NOSTALGIA WITH BOB HIND: Royal Navy’s big guns on ship and ashore, possibly at Eastney

Royal Marines pose in front of a training gun at Fraser gunnery range, Eastney. Can anyone confirm please?
Royal Marines pose in front of a training gun at Fraser gunnery range, Eastney. Can anyone confirm please?

THIS WEEK IN 1996: Southsea beaches miss out on blue flag


The picture above, from the George Millener collection, shows a practice gun which, the caption states, was located at Fraser gunnery range, Eastney.

From the quarterdeck of the battleship HMS Emperor of India we see her X&Y turrets with 11 inches of armour with 13.5in guns.

From the quarterdeck of the battleship HMS Emperor of India we see her X&Y turrets with 11 inches of armour with 13.5in guns.

I never knew the range but I wonder if any of you senior senior servicemen can tell me if it is correct?

George’s father, William Herbert, always known as Bert, and a former Royal Marine based at Eastney, can be seen on the far end of the front row.

•I know that battleships went out of the Royal Navy after the Second World War when rockets and missiles became warships’ main armaments, but I think the appearance of ships with guns seemed to offer a bigger threat. Do you agree?

Guns could fire their 16in shells up to 25 miles whereas a missile can be fired half-way around the world as we know only too well.

But that is not the point I am making. It is the overall look of threatening gunnery that would worry me.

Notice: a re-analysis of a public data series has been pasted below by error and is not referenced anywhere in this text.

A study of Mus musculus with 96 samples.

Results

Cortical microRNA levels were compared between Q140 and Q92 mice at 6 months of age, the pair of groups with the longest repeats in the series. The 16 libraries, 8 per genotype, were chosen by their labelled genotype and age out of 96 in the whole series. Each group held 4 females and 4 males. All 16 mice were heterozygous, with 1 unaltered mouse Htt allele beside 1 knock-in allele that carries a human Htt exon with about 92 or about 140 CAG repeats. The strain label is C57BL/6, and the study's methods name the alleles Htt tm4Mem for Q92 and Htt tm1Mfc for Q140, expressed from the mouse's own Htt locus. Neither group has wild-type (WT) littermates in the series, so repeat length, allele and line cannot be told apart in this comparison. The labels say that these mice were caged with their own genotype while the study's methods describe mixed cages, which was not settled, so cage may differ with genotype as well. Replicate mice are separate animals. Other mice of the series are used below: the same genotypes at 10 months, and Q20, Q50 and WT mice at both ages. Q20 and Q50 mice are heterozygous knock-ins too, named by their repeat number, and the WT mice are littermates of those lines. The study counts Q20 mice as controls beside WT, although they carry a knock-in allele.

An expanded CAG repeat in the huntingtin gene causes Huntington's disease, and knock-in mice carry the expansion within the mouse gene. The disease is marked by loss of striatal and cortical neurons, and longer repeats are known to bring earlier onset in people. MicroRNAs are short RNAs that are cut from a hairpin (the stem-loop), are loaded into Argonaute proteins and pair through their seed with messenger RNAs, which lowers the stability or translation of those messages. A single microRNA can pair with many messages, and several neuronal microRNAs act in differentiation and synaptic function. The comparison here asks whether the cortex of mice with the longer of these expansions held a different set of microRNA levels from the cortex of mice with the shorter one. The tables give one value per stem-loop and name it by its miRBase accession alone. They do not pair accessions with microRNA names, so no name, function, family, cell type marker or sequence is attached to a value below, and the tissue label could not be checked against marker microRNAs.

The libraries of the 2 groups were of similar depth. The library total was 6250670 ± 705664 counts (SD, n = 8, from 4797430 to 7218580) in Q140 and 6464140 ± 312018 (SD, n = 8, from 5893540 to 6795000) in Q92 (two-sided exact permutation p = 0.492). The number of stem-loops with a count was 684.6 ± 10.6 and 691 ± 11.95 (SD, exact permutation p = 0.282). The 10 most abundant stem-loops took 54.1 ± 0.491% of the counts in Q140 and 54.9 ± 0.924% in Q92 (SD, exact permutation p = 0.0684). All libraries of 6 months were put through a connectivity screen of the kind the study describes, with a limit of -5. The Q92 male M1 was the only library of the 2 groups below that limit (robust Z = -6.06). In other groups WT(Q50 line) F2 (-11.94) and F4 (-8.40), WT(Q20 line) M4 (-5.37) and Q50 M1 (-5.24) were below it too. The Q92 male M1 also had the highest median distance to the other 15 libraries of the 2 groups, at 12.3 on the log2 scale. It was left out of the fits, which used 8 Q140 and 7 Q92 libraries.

If I saw a modern Daring class destroyer coming over the horizon alongside a ship equipped with guns like those here on the quarterdeck of HMS Emperor of India, I know which one I would take try to take out first. And the Japanese had battleships with 18in guns.

With four turrets A&B forward and X&Y aft, X turret was always manned by Royal Marines.

WHO RECALLS BUNJO STORES?

two responses about the car spares shop featured last week.

Robert James, of Milton, tells me it was on the corner of Hatfield Road and Reginald Road and the school in the background was Reginald Road School.

Robert knew the shop as the school tuck shop as he attended Eastney Modern, also in Reginald Road, where he could buy 1d packets of usually broken crisps. They were eventually banned on school premises because of the litter. They must have sold a lot of crisps! The shop is now accommodation.

Roger Brown, of Copnor, went to Reginald Road School from 1962 to 1966. During those years the shop was known as Bunjo Stores.

n Thanks to all those who e-mailed me after a wrong photograph was used last week.

Special thanks to Ron Taylor who wrote: ‘Dear Bob, may I be the fiftieth person to e-mail you to say the photograph you have put in is of Louis, Earl Mountbatten of Burma, not his father.

‘I try to get out more but I am catching up on five volumes of Why We Lost India.’

Ah, a Private Eye reader eh? Sorry about that folks.